Atlanta Trail Projects To Get Funding Boost Under T-SPLOST

Stephannie Stokes / WABE


“You can see this is where it ends,” said Zaki, who’s part of the Organized Neighbors of Edgewood.

The sign marks the end of the Trolley Line Trail, a path that was built more than 20 years ago, before the Olympics. It follows the old streetcar route through Kirkwood.

It was supposed to continue into Edgewood, Zaki’s neighborhood, and then Reynoldstown, but funding issues kept that construction from happening.

Now, though, it could.

“There is potential for funding through the T-SPLOST list which will be on the ballot this November,” said Becky Katz, the Atlanta’s chief bicycle officer.

The Trolley Line Trail is one of the many projects that may get a financial boost if Atlanta voters approve the Transportation Special Purpose Local Option Sales Tax, or T-SPLOST.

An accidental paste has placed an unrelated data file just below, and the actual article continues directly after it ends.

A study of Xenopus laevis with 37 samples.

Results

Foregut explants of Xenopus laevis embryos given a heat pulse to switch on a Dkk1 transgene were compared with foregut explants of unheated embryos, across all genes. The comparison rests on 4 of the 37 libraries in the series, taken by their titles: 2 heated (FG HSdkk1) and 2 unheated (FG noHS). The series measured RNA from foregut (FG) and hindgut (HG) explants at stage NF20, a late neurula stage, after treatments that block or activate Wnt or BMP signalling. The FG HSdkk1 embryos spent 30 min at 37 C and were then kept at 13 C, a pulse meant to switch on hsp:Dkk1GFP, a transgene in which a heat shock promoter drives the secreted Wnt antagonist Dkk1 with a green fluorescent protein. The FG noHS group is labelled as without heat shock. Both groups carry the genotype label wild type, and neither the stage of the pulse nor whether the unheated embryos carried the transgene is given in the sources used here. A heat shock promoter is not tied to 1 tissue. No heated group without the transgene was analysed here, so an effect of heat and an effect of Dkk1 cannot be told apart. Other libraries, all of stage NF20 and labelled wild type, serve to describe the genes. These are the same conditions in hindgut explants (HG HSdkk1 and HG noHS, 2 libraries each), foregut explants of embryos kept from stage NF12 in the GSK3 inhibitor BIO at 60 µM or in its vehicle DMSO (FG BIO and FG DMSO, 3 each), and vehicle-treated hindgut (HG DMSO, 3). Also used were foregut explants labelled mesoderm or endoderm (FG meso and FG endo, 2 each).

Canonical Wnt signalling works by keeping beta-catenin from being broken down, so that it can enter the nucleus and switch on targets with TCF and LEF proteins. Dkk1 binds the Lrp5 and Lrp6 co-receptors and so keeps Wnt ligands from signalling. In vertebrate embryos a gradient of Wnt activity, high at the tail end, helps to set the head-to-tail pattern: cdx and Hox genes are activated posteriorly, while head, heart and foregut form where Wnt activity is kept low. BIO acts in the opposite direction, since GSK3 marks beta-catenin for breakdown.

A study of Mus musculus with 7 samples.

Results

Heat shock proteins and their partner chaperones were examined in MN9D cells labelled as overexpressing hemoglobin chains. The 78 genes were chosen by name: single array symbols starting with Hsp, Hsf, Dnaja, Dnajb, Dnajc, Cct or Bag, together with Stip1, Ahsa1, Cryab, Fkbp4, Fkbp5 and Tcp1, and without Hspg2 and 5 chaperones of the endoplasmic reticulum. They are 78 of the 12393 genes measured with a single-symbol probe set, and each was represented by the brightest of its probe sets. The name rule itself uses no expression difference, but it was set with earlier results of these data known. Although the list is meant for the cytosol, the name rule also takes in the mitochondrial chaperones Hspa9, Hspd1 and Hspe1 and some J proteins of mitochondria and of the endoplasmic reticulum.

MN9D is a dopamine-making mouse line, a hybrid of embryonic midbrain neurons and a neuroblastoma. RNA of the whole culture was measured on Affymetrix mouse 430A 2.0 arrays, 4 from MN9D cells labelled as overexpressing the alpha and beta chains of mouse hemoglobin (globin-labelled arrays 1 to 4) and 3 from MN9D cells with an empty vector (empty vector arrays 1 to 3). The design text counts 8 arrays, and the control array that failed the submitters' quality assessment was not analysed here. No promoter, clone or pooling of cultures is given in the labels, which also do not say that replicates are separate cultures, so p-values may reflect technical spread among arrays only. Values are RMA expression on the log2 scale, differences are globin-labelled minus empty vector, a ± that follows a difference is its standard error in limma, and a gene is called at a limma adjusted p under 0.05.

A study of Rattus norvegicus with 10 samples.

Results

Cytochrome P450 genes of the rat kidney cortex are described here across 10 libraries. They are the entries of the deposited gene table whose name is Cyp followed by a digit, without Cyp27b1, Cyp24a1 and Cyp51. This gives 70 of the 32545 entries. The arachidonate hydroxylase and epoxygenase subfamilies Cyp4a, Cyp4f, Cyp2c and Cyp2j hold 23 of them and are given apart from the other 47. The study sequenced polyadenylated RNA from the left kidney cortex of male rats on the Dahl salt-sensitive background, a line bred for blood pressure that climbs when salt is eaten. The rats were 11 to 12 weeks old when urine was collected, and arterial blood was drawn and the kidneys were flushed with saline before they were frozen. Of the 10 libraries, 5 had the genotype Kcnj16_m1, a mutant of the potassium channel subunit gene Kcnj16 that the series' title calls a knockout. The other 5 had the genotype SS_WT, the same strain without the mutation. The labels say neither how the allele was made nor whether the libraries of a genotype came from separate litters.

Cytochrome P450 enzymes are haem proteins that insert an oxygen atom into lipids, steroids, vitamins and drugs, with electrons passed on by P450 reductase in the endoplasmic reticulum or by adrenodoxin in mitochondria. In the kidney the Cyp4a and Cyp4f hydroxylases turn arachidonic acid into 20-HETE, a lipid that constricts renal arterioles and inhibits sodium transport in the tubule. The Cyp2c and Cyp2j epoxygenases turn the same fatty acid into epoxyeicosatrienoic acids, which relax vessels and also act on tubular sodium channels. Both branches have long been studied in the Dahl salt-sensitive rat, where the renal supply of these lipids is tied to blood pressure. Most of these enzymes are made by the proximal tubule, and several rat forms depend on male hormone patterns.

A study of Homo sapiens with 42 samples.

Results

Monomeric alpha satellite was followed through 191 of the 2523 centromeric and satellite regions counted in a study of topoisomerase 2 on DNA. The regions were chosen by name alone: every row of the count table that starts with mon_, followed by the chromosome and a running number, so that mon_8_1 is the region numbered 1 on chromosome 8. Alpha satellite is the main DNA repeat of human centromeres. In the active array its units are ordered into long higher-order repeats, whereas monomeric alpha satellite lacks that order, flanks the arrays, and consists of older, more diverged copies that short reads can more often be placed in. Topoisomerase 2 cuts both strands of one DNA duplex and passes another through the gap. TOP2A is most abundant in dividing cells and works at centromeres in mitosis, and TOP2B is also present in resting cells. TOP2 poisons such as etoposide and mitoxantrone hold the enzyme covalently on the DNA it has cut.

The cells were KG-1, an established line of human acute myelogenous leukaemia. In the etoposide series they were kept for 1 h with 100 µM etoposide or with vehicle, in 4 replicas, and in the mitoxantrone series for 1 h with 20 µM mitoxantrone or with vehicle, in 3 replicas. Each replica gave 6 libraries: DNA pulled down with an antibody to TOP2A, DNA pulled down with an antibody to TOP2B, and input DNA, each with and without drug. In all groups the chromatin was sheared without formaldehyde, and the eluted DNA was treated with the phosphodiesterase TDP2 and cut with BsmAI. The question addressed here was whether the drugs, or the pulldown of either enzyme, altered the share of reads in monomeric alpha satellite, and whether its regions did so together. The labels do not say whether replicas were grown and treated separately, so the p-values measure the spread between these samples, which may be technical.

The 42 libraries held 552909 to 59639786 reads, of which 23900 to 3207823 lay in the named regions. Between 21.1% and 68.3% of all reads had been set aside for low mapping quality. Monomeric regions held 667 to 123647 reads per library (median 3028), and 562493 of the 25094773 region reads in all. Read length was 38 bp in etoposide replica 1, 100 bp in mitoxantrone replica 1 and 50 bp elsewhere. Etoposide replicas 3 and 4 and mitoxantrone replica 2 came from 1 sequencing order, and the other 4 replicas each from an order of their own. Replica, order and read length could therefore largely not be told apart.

Part of the revenue from the four-tenth-of-a-penny sales tax would go to expanding and improving the Atlanta BeltLine. But there is also a slice of funding that would be dedicated to smaller, neighborhood trail projects, like the Trolley Line, as well as the Blue Heron Blueway and the Lionel Hampton Trail extension.

All of these neighborhood trails could eventually be part of a network, said Ed McBrayer of the Path Foundation. The BeltLine would just be the main connecting piece.

“The BeltLine will sort of be our I-285 if you will for pedestrian bicycle traffic,” said McBrayer.

The completion of the Trolley Line Trail would mean Kirkwood and Edgewood would have a path to the Reynoldstown section of the BeltLine.

Zaki of the neighborhood group said he and other residents have been pushing for the connection for a few years. He’s also looking forward to potentially having a safe place for cyclists and pedestrians within Edgewood.

“I’d really like to be able to walk around the neighborhood a little bit more,” Zaki said.

The T-SPLOST would allow Atlanta to move forward on these projects in the next five years, the city said.

Some, like the Trolley Line Trail, also have private funding. Path Foundation, which built the original stretch, is pitching in.